Apprentissage artificiel de modèles réduits physiques pour la prévision rapide de la durée de vie d'aubes de turbine avec quantification d'incertitudes

par Thomas Daniel

Projet de thèse en Mécanique

Sous la direction de David Ryckelynck.

Thèses en préparation à Paris Sciences et Lettres , dans le cadre de Ingénierie des Systèmes, Matériaux, Mécanique, Énergétique , en partenariat avec ENSMP MAT. Centre des matériaux (Evry, Essonne) (laboratoire) , MAT- Simulation des matériaux et des structures - SIMS (equipe de recherche) et de École nationale supérieure des mines (Paris) (établissement de préparation de la thèse) depuis le 01-12-2018 .


  • Résumé

    As in the vast majority of industrial domains, the numerical simulation is a tool used in many stages of Safran's activities. The complexity of the models leads to computation times of several hours (or even days) for a single run, although optimization and uncertainty quantifications require many runs. Hence, new strategies must be found. In this thesis, we are interested in the lifetime prediction of high-pressure turbine blades in aircraft engines. The computation chain contains a coupled aerothermal fluid-solid computation and an ElastoViscoPlastic (EVP) cyclic computation of which the lifetime calculation is a post-treatment (see Figure 1). Boundary conditions for the EVP part are provided by the aerothermal computation. The objective is to increase the speed of the EVP cyclic part by constructing a dictionary of reduced order models using machine learning tools. The idea is to use neural networks in order to identify a hyper-reduced model which is adapted to the boundary conditions. To do so, a clustering algorithm will be applied to a collection of numerous low-fidelity computations so as to build a dictionary of possible models for lifetime predictions. Then, an efficient criterion based on classification methods taken from data science will be chosen to decide in real time which hyper-reduced model is the best for fast and accurate predictions. Some theoretical questions will also be addressed, such as the unicity of the stabilized cycle, the conditions for the reduced models to converge towards the stabilized cycle, etc. Finally, the methodology will be applied to an uncertainty quantification study on the lifetime computation of high-pressure turbine blades, for which loading cycles are not accurately known despite having an important influence.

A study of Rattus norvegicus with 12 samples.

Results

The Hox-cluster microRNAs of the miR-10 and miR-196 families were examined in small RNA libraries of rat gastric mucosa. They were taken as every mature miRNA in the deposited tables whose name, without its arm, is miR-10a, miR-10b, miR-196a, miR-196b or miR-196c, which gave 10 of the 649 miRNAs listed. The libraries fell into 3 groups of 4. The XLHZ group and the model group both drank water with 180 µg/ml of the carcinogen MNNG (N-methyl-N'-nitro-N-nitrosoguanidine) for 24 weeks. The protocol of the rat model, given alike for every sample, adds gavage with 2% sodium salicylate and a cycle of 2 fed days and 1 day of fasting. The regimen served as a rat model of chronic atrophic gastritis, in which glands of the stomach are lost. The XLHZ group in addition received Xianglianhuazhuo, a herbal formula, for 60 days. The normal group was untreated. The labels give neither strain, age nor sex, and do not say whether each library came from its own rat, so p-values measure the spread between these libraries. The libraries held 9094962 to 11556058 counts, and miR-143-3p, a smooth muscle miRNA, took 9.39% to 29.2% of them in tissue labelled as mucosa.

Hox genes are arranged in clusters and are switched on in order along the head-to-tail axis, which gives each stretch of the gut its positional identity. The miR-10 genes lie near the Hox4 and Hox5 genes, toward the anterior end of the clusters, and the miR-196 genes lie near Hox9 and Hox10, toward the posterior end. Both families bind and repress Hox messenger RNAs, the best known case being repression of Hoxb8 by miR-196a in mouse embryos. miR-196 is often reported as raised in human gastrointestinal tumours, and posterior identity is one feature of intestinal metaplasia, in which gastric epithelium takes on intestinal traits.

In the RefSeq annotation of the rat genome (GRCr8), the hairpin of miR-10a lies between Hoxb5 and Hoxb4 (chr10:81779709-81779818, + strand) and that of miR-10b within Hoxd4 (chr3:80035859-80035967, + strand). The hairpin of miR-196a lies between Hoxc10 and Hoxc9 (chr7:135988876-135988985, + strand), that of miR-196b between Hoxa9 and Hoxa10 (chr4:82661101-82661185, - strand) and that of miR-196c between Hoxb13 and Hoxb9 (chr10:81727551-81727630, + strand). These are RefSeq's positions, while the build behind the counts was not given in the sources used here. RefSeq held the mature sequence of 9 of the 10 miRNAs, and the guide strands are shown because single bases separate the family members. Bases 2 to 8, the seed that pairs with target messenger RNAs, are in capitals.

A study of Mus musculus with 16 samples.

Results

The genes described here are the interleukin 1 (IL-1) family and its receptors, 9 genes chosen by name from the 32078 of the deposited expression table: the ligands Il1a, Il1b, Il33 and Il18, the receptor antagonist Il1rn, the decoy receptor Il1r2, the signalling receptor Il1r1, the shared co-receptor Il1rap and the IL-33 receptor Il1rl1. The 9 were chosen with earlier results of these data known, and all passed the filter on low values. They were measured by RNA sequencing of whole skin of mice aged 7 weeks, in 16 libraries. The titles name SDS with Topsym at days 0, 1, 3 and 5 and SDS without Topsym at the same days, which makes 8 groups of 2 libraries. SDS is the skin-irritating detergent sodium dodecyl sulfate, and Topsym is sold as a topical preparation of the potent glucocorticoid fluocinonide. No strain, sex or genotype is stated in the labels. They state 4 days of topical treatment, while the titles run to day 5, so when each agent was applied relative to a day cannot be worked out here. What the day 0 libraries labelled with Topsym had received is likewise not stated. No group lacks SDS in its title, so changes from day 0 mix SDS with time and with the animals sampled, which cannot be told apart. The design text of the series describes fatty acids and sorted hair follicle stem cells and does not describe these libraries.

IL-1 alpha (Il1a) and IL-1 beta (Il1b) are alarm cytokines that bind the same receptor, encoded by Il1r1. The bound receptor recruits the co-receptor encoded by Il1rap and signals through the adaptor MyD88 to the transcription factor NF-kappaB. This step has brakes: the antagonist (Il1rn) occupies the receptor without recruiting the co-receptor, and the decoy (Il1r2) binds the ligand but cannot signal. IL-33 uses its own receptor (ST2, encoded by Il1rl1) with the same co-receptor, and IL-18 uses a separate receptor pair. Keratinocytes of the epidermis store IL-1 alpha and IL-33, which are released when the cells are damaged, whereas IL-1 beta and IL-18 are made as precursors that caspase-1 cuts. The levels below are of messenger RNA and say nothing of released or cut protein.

• Titre traduit

    MACHINE LEARNING OF PHYSICAL REDUCED ORDER MODELS FOR FAST LIFETIME COMPUTATION OF TURBINE BLADES WITH UNCERTAINTY QUANTIFICATION


  • Résumé

    As in the vast majority of industrial domains, the numerical simulation is a tool used in many stages of Safran's activities. The complexity of the models leads to computation times of several hours (or even days) for a single run, although optimization and uncertainty quantifications require many runs. Hence, new strategies must be found. In this thesis, we are interested in the lifetime prediction of high-pressure turbine blades in aircraft engines. The computation chain contains a coupled aerothermal fluid-solid computation and an ElastoViscoPlastic (EVP) cyclic computation of which the lifetime calculation is a post-treatment (see Figure 1). Boundary conditions for the EVP part are provided by the aerothermal computation. The objective is to increase the speed of the EVP cyclic part by constructing a dictionary of reduced order models using machine learning tools. The idea is to use neural networks in order to identify a hyper-reduced model which is adapted to the boundary conditions. To do so, a clustering algorithm will be applied to a collection of numerous low-fidelity computations so as to build a dictionary of possible models for lifetime predictions. Then, an efficient criterion based on classification methods taken from data science will be chosen to decide in real time which hyper-reduced model is the best for fast and accurate predictions. Some theoretical questions will also be addressed, such as the unicity of the stabilized cycle, the conditions for the reduced models to converge towards the stabilized cycle, etc. Finally, the methodology will be applied to an uncertainty quantification study on the lifetime computation of high-pressure turbine blades, for which loading cycles are not accurately known despite having an important influence.